India’s gold imports in November declined for the fifth month as elevated prices and the slowest economic growth in six years curbed demand during the peak wedding season.
Inbound shipments dropped 19% from a year earlier to 56.1 tons, according to a person familiar with the data, who declined to be named as the information isn’t public. That makes it the lowest shipment for the month since at least 2015, data compiled by Bloomberg shows.
Total overseas purchases slid 15% from year earlier to 597.5 tons during the 11 months through November, the person said. Finance Ministry spokesman Rajesh Malhotra wasn’t immediately available for comment.
Imports in the world’s second-biggest consumer have been falling as jewelers have been cutting purchases on poor demand. Slowing growth and a more than 20% rally in prices this year are expected to push India’s domestic consumption to the weakest since 2016. A delayed monsoon and harvest have also weighed on demand in rural India, which accounts for about 60% of the nation’s gold purchases.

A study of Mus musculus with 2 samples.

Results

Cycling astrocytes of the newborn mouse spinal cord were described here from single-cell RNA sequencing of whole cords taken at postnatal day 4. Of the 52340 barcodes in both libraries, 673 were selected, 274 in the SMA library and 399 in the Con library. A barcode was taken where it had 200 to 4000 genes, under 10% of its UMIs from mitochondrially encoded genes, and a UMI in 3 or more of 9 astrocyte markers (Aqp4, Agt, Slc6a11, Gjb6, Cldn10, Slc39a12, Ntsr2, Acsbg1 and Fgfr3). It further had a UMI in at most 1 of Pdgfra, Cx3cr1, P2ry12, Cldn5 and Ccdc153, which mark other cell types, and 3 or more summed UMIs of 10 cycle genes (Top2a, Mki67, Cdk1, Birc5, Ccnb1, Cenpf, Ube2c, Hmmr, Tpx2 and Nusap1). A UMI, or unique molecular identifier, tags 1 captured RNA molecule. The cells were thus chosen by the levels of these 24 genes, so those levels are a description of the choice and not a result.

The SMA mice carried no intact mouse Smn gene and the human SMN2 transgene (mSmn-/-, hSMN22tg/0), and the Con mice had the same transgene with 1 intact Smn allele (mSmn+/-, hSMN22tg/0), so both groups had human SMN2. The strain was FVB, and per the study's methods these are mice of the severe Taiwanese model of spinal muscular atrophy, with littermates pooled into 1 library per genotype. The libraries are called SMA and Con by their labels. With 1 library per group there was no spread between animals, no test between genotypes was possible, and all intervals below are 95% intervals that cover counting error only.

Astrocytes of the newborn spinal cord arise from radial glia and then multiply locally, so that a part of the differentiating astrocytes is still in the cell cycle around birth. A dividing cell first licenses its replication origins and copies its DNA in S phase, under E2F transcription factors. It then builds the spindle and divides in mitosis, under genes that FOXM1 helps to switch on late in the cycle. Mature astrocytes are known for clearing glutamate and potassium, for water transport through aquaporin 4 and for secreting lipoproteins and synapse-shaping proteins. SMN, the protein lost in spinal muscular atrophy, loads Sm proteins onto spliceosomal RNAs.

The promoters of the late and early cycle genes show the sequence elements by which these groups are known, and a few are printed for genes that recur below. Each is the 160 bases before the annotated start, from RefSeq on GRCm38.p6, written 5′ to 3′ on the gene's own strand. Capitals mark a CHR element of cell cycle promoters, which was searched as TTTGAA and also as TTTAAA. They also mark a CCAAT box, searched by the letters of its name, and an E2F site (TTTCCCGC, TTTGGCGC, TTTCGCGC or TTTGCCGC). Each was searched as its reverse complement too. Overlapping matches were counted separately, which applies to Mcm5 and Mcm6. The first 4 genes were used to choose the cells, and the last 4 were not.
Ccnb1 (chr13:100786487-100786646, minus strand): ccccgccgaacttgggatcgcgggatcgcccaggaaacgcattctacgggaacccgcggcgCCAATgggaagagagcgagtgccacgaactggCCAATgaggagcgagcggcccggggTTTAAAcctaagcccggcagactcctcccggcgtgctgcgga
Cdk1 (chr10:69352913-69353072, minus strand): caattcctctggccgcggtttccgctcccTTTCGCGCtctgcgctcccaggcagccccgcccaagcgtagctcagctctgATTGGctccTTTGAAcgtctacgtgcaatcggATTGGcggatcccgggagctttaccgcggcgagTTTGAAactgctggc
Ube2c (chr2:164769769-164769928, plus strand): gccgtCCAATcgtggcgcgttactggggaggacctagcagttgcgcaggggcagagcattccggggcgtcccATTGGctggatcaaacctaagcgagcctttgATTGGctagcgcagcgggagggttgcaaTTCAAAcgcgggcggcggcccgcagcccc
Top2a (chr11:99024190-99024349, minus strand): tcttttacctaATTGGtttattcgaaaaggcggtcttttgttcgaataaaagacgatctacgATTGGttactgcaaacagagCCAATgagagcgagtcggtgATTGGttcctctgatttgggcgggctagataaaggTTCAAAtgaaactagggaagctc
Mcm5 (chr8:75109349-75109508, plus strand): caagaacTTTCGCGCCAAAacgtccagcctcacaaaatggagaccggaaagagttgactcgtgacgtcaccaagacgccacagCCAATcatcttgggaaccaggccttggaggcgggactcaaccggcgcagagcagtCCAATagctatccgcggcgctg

Still, an uptick in demand driven by the wedding season pushed up November’s imports above the 20.8 tons shipped in October and September’s 13.5 tons. Indians buy gold mainly to wear or gift during weddings and festivals, with the peak purchases typically taking place during the last quarter of the year.
“Imports will slide again in December as there are no auspicious days for weddings from Dec.15-Jan. 14,” said Gnanasekar Thiagarajan, director at Commtrendz Risk Management Services. “Gold prices will also continue to trade higher bolstered by huge uncertainties in the global market on the trade deal between U.S. and China, U.S. interest rates, peaking stock markets, and the U.S. elections.”